We Were Once - Page 77

It’s not the phone that gets my attention, though. Something sparkles nearby. “Chloe?” I rush, fighting against my body wanting to stall. Just beyond the shoulder’s edge, drenched in moonlight, I find my sweet angel. “Chloe. Chloe. Can you hear me?”

Her breath is even, her expression fixed in peace. If I weren’t mistaken, I’d think she was asleep, but my eyes must be playing tricks on me. I caress her, taking in the blood streaking her face and then kiss her forehead, nose, cheek, and lips. Her eyes don’t open as I scan for the source of blood smeared across her skin. A cut below her eyebrow appears minor, but her unconsciousness has me worried.

Leaning down again, I hold my ear under her nose just to feel her breath again. “Chloe?” I whisper, silently begging her body with no life inside to wake.

A tear drips from my chin onto her cheek as I repeat her name through my punctured pleas.

Pressing my ear to her chest, I can hear her heartbeat. It’s subtle but there. “Baby. Chloe? Hang on. Please stay with me. Please,” I plead to whatever will bring her back to me. I’d make a deal with the devil if he let her live.

Sirens ring through the trees, the distant sound still too far to count on. The dark night surrounds with little light to keep us company. Worried I might hurt her more than she is already. My ripped jacket is still protecting her torso, so I straighten the fabric to cover her leg, and I lie down next to her.

Taking her hand, I weave our fingers together, the act so simple, but when the anchors press together, I can feel her with me once again. The guilt that bears down clenches my heart as I look up at the stars. I try to speak, but liquid filling my throat has me coughing. I’ve never died before, but I recognize the feeling. Why does it have to happen when I’m finally happy?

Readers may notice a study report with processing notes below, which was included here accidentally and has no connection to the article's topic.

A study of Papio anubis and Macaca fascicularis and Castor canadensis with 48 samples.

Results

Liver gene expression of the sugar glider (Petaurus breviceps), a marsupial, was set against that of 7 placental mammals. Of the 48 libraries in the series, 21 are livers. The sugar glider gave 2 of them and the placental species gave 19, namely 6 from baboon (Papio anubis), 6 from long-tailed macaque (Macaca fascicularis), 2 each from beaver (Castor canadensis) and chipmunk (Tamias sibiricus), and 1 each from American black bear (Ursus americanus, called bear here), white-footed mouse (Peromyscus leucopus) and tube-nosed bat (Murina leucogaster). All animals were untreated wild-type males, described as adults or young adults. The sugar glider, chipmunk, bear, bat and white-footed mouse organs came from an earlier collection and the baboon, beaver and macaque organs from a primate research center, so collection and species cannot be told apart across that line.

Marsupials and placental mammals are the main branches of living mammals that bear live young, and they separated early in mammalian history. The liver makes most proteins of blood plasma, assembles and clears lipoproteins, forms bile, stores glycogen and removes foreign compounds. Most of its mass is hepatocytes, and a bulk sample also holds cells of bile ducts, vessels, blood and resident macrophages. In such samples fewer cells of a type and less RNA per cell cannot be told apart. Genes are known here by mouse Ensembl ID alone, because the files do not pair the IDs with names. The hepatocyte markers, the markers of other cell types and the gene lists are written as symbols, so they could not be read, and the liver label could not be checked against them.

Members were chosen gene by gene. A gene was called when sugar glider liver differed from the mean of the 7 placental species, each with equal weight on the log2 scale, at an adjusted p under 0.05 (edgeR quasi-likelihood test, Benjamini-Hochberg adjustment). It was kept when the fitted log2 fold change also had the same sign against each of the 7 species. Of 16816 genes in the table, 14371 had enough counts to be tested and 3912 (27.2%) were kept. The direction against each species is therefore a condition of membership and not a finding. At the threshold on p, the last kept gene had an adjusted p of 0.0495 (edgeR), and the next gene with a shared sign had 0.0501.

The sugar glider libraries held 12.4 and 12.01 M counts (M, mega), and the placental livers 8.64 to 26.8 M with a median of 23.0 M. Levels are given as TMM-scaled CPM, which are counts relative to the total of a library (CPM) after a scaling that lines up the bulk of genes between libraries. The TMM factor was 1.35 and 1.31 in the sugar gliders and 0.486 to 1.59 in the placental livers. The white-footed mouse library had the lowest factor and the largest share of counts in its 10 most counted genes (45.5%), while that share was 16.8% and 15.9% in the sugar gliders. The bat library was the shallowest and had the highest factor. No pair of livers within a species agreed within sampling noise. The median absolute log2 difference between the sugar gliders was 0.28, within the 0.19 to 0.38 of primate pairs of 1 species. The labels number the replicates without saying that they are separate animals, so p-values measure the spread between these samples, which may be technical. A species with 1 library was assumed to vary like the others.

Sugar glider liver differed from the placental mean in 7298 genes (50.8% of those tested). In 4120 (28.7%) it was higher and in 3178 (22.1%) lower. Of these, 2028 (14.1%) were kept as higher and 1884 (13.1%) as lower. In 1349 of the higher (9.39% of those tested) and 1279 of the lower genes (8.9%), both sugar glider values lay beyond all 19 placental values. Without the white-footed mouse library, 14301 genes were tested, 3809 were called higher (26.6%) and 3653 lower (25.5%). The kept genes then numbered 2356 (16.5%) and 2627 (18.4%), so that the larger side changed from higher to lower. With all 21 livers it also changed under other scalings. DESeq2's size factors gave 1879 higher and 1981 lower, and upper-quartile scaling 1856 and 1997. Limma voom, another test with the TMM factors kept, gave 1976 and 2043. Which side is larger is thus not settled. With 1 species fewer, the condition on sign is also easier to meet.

The sirens sound closer but still too far for my liking. With my heart beating outside my chest, the dull thrum fills my ears. I lift myself onto an unsteady elbow. Beauty like hers should never be touched by fingers with grime under the nails, but I lean over and kiss her, trying my best to breathe life into her again.

“We almost made it. We almost caught the moon.”

The ambulance arrives, and chaos erupts. Stuck in the blinding brightness of the headlights, I whisper, “Hold on for me, baby. Hold on.”

A paramedic has me lie back just as everything goes black.

* * *

My eyes open, and I gasp for air, needles pricking the rawness of my throat. My heart is heard outside my body, sending a rush of fear through my veins.

“You’re awake, Mr. Evans.” A nurse pushes through the door and rubs her hands before messing with the knobs on the monitor. “This is good news.”

“I—” Speaking hurts, and the attempt sends me into a dry coughing fit. I look around the hospital room, and the blue blanket covering me, trying to tamp down the panic coursing through me by grabbing my throat.

She’s quick to grab the pitcher beside the bed and pour a glass of water. Tucking the straw between my lips, she says, “Drink slowly. Coat your throat.”

I swallow several sips before she returns the cup to the tray. The small action even hurts before she takes a gentle hold of my arm. “Be careful not to pull out the IV when you move.” Her voice is kind, her eyes matching her tone.

She’s not that tall, but her hair stacked in curls on her head gives her a few extra inches. “Dolly,” I read her tag aloud.

Tapping it, she smiles. “I’m Nurse Dolly.”

Despite feeling like I’ve been run over by a truck, I ask, “Where’s Chloe?” The tone of my voice sounds foreign, so I try to clear it unsuccessfully.

“Miss Fox is stable—”

“Thank fuck.” I gently scrub my hands over my face, wanting to wipe away the murky brain. Seeing her disapproving twist of lips reminds me of my mom. “Sorry.”

“It’s okay.” Her eyes do a scan of my face as her fingers rub over a small bandage I can feel tugging next to my eye. “Don’t worry about Miss Fox. She’s got the best care. Just like you.”

“Can I see her?”

Sympathy shapes her smile. “You’ve both been through a lot.” She pats my leg. “Try to focus on your healing first. Your mom just stepped out for coffee.”

When she turns to leave, I push up, but my strength escapes me, leaving me pressed to the bed without control of my muscles. “I need to see Chloe.”

“You need food, liquids, and healing. That’s the best medicine to recover. I’ll have a meal brought in.”

“She’ll want to see me too. She’s probably worried.”